Speaker inspires students

The usual traffic through Florida A&M University’s school of journalism’s colloquium class was limited and students were all ears Thursday when guest speaker Laura Sullivan shared her life-changing story to encourage students.

“It’s an amazing power,” Sullivan said. “Journalists have a voice and it’s waiting to be heard.”

During Sullivan’s last semester at Northwestern University, she completed an investigative assignment that lead to the freedom of four inmates, two were on Death Row, who were wrongfully convicted of murdering two college students from Chicago.

Although Sullivan is now employed with National Public Radio and worked as a Washington correspondent for the Baltimore Sun, she still renders her post-undergraduate experiences as priceless.

“My college experience has helped shape every aspect of my life,” Sullivan said. “I appreciate it more now that I’m older and wouldn’t change it for the world.”

Sullivan said she wanted journalism students to take heed and continue the trend of being storytellers.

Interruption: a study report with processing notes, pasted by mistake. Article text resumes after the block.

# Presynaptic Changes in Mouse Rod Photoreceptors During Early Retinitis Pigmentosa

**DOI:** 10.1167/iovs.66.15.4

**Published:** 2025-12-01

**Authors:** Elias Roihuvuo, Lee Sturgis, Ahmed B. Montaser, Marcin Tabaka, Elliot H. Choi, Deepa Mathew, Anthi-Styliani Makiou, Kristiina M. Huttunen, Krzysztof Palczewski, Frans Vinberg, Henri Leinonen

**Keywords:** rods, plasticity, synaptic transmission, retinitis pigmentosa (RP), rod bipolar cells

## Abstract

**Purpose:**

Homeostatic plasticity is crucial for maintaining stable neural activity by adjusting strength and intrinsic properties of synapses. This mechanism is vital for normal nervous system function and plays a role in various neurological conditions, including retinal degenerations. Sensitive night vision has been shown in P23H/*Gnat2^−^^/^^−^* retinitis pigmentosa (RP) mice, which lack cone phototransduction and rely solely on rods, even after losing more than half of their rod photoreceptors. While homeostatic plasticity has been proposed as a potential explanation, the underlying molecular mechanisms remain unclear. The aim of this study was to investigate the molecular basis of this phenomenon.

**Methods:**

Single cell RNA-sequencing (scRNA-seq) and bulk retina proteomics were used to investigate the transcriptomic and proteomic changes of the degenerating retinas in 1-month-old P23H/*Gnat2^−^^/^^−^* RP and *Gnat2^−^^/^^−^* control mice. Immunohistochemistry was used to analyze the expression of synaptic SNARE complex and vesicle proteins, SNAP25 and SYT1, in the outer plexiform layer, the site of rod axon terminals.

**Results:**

“I really want journalism students to know it will be a great profession, (and) not to be dismayed by the industry,” she said. “There are not only professional opportunities in journalism – but a chance to actually make a difference.”

Journalism students appreciated the message.

“She has been one of the more interesting guest speakers since I’ve been here,” said Cha-Ryl Johnson, a junior public relations student from Miami. “She had my attention the entire time and I took what she said into consideration.”

Joseph Ritchie, a professor in the school of journalism and graphic communication, said he brought Sullivan to FAMU because of the work she did as a student reporter.

“I feel like journalism students need to see evidence of why journalism matters,” he said. “Laura is at [Florida A&M] to give students an example of how they can make a difference as student journalists.”

Sullivan said her experience started in college and will forever be her foundation.

“You may be students, but you are journalist,” she said. “And that means you can change the world.”